NSA and University of Illinois: Partnering to Secure Networks and Cyber Systems
1/23/2020 4:01:31 PM
FT. MEADE, Md. — The University of Illinois at Urbana-Champaign (Illinois) is one of the first universities to partner with NSA on researching the science of security and has been working on cybersecurity problems with NSA for more than 19 years.
“As one of the initial schools to be designated to host an NSA Science of Security (SoS) Lablet, Illinois has been instrumental in stimulating basic research to create scientific underpinnings for security and advocating for scientific rigor in security research,” said NSA Deputy Director George Barnes. “The Illinois SoS Lablet builds on a long history in developing science upon which systems might be engineered.”
To celebrate this partnership, NSA has named Illinois as a featured school and is highlighting the collaboration on NSA.gov, IntelligenceCareers.gov, and on social media beginning January 23, 2020.
“As a public comprehensive research university, the University of Illinois at Urbana-Champaign has an opportunity and responsibility to advance our society,” said Illinois Chancellor Robert Jones. “We are honored to be named a National Security Agency Featured School, and we look forward to continuing to partner to develop the talent and tools needed for our national security challenges.”
The partnership began in 2000 when Illinois was designated as a Center of Academic Excellence in Cyber Defense (CAE-CD), a program now jointly sponsored by NSA and the Department of Homeland Security. That program, along with a CAE-Research designation, which Illinois received in 2008, promotes higher education and research in the critical area of cybersecurity.
At about the same time NSA researchers began collaborating with Illinois faculty and students in support of broad cybersecurity and assurance goals, to include research in programming languages and system verification in support of systems analysis.
“This early work with Illinois… led to valued capability developments that are still in use within NSA and partner federal agencies today,” said Mr. Brad Martin, Illinois Academic Liaison.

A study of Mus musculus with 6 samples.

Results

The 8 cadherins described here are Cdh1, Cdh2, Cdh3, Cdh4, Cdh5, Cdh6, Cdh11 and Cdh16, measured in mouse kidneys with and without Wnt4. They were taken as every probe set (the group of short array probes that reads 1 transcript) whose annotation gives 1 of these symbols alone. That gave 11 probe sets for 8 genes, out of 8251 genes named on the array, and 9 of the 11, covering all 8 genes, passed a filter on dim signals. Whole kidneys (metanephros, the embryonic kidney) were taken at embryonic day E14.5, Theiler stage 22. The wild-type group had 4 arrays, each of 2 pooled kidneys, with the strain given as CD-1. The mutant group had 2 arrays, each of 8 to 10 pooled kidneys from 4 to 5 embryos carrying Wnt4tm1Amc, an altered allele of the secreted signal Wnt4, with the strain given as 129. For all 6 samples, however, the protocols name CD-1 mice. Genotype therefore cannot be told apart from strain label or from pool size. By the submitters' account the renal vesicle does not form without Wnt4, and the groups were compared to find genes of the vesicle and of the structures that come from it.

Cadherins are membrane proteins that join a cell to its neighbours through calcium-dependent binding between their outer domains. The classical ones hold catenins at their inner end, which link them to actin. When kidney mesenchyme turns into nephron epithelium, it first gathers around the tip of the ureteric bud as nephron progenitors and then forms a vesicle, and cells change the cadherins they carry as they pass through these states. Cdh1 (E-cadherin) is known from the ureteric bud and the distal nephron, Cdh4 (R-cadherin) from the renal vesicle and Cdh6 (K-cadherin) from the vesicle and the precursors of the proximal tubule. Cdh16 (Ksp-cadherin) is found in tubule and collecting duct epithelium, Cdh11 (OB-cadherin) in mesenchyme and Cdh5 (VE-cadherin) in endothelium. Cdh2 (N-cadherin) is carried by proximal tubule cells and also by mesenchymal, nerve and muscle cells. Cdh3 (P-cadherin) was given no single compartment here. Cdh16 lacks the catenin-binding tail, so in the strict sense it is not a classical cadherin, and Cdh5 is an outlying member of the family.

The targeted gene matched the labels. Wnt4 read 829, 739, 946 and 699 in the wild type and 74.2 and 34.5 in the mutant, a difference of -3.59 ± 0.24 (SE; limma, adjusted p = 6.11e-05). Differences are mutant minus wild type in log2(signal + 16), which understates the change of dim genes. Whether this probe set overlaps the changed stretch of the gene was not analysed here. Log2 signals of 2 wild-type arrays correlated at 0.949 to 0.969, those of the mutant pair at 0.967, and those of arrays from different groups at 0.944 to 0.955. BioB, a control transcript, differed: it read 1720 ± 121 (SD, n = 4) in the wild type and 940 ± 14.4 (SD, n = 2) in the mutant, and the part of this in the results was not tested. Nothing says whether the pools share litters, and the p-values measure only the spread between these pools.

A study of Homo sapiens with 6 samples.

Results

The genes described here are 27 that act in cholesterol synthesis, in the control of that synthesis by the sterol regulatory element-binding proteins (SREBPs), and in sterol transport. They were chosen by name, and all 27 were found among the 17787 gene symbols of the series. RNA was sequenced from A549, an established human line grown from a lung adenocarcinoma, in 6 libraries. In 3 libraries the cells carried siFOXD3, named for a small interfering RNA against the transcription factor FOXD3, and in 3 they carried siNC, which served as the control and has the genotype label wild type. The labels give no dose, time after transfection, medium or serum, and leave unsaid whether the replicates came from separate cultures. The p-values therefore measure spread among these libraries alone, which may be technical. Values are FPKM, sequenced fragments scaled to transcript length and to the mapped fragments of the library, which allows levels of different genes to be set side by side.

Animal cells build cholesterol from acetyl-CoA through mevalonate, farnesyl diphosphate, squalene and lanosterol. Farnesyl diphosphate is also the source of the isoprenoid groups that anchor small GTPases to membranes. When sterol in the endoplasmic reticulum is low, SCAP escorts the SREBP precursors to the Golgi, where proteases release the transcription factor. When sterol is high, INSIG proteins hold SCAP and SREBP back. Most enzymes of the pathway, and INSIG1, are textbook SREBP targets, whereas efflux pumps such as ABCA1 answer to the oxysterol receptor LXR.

In 2011, Illinois became one of just three universities to host a SoS Lablet. Dr. David Nicol, a professor at Illinois, has been involved in the lablet since the beginning and appreciates the fact that NSA has been investing in research at the early “conceptual” stages.
“I was pleased that the problem of viewing the scientific basis for security was being taken seriously,” he said. “It’s commendable that NSA recognized this issue and invested resources in studying it.”
NSA has also awarded Illinois more than $600,000 in grants over the last five years and has hosted a number of summer interns from the university. Currently, two students at Illinois are in the Stokes Educational Scholarship Program, which recruits students, particularly minorities, who have demonstrated skills critical to NSA. The students receive up to $30,000 a year toward their college education and commit to summer internships and six years of agency employment following graduation.
Currently 115 Illinois graduates with degrees at all levels in areas from mathematics to Russian work at NSA. “We have many talented employees at NSA who have come from Illinois,” said Ms. Kathy Hutson, NSA’s Senior Strategist for Academic Engagement. “We are so pleased with the partnership we have forged with the university and what it has yielded for NSA.”
Illinois is the fifth university to be named an NSA Featured School. The series highlights schools designated as CAEs that have a depth and breadth of engagement with the Agency.